Have you ever been surfing? Many people love swimming in the ocean, but there's nothing quite like the rush of jumping up on a longboard as a large ocean wave propels you toward the shore.

You probably already know that sound travels through the air in waves. Unlike the water waves you can surf on, however, sound waves are invisible. When they carry inspirational words or music, though, you certainly can ride them to a whole new place in your mind.

Sound waves move through the air around you most of the time. While the air might seem rather empty, it's actually filled with lots of air molecules. When vibrating objects, such as your vocal cords or the strings of a piano, make sounds, they do so by causing the air molecules to move in waves that your ears receive and interpret as sounds.

Sound needs air molecules to travel. That's why no one would be able to hear you if you screamed in outer space. The absence of air — called a vacuum — in outer space prevents sound from traveling.

You've probably seen a lot of science-fiction movies that feature spectacular battles in outer space. Lasers flash across the sky and spaceships explode in loud bursts of sound and light. In reality, you'd be able to see, but not hear, those explosions. Moviemakers add sound to make the experience of watching the movie better.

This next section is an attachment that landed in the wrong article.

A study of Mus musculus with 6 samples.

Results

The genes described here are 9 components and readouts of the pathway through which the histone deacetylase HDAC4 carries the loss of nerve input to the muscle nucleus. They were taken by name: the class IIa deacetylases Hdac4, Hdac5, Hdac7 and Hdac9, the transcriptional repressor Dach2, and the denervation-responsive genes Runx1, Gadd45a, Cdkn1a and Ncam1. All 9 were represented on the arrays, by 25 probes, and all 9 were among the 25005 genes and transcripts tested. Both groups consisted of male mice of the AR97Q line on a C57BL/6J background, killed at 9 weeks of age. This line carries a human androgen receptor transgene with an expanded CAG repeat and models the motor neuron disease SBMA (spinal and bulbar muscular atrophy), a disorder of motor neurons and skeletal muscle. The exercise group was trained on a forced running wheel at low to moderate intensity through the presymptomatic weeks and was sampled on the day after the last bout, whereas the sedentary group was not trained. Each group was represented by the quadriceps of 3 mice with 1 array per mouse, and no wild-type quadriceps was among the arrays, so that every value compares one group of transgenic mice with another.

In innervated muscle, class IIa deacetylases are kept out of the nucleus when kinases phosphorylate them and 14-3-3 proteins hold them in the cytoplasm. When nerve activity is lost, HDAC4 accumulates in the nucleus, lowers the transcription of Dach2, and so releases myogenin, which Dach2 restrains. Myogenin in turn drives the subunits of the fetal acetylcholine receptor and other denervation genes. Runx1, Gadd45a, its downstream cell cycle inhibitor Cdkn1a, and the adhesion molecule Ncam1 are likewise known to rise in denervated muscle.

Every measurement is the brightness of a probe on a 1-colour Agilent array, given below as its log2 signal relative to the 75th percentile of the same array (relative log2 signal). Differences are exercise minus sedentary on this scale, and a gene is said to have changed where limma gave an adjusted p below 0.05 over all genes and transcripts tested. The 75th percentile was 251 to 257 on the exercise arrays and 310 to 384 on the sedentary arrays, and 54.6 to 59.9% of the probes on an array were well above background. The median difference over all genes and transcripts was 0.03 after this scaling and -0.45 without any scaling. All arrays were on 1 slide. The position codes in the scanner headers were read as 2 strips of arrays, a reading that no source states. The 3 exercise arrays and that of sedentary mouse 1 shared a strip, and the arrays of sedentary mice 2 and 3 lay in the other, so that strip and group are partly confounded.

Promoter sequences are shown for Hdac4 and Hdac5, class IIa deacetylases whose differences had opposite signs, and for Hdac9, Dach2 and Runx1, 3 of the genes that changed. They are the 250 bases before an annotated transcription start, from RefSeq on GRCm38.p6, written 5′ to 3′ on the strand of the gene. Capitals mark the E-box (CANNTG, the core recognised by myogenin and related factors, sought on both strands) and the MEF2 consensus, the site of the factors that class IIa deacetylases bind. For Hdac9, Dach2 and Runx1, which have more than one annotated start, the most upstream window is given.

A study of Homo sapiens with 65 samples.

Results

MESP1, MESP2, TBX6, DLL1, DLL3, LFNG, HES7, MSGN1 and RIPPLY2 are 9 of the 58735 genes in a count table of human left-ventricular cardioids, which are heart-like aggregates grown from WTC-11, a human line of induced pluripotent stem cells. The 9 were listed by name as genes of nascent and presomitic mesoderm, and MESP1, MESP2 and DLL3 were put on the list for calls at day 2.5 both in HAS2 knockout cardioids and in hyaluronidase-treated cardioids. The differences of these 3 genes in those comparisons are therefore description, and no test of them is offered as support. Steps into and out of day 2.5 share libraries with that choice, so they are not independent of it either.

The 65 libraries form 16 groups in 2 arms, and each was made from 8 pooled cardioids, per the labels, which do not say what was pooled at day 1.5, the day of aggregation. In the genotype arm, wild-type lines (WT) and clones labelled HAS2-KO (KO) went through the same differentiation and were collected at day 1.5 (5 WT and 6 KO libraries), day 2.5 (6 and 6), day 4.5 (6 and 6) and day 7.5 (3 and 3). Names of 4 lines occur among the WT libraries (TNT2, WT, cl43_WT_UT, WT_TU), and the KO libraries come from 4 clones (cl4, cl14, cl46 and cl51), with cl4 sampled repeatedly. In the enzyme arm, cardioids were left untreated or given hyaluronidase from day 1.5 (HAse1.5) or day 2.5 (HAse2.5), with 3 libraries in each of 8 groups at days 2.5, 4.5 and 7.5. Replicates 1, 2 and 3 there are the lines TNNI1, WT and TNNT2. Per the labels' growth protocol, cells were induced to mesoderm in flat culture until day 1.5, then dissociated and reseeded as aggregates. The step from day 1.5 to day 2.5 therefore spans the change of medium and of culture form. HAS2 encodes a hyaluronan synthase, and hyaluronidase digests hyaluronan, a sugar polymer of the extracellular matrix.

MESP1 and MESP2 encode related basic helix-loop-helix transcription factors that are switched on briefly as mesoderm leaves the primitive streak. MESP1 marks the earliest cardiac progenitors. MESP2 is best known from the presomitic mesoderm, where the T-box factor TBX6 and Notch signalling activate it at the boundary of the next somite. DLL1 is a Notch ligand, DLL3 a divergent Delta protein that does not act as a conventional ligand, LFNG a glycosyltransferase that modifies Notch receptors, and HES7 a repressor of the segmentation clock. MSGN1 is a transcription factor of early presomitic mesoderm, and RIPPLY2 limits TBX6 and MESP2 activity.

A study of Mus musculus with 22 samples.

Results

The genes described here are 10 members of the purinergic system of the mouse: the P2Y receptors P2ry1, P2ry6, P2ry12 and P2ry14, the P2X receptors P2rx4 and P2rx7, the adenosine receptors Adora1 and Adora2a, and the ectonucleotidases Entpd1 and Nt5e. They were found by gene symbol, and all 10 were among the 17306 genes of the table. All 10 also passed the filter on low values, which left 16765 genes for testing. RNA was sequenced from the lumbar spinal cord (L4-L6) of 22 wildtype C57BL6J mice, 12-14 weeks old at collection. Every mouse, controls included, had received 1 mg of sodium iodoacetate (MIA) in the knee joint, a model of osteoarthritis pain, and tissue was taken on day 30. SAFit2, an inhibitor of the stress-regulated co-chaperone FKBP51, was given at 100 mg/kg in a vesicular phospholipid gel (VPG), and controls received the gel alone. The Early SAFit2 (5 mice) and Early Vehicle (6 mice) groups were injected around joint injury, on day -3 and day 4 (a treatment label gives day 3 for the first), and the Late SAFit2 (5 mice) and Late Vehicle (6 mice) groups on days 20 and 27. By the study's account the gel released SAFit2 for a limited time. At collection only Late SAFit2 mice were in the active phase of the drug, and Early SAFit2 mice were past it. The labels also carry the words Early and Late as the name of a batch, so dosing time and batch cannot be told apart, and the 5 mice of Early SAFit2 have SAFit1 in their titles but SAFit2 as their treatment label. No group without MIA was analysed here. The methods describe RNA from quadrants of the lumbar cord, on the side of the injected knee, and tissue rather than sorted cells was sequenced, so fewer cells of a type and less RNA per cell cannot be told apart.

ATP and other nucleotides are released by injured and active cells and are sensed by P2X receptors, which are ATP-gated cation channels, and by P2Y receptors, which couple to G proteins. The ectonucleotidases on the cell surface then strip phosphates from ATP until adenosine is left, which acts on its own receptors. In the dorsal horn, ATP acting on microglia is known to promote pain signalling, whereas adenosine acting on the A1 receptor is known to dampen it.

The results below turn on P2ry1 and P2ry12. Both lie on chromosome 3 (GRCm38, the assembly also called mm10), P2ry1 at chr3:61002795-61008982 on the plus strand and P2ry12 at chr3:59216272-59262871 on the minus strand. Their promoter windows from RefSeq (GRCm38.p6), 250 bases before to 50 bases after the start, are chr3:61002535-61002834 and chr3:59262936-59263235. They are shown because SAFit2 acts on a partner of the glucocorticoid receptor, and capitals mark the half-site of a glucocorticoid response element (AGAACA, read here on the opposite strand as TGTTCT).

Here on Earth, though, there are plenty of air molecules to help sound travel. In fact, sound travels really fast through the air. How fast? Sound moves at a quick 1,125 feet per second in dry air at 68º F at sea level. That's about 767 miles per hour or approximately a mile in five seconds!

Vibrations that make sound waves create compression or longitudinal waves. These waves travel in the same path that the sound wave is moving. This makes sound waves different from water waves, which move up and down and are called transverse waves.

Like all waves, sound waves have the characteristics of wavelength, frequency, and amplitude. The wavelength of a water wave would be the distance between wave crests. Since sound waves are compression waves, their wavelength is the distance between maximum compressions. Frequency is a measure of the rate at which sound waves pass a given point. Their amplitude measures how compressed the waves are compared to the air around them.

In addition to hearing sound waves, you can also sometimes feel them. If you stand in front of a loudspeaker at a rock concert, you will definitely be able to feel the pulsing sensation of the sound waves as they hit your body. Even though you can't see them — or ride them on a surfboard like a water wave — sound waves can definitely transport you to other worlds as you listen to beautiful music or powerful speeches!

Wonder What's Next?

Tomorrow’s Wonder of the Day features a lot of booms followed by barks!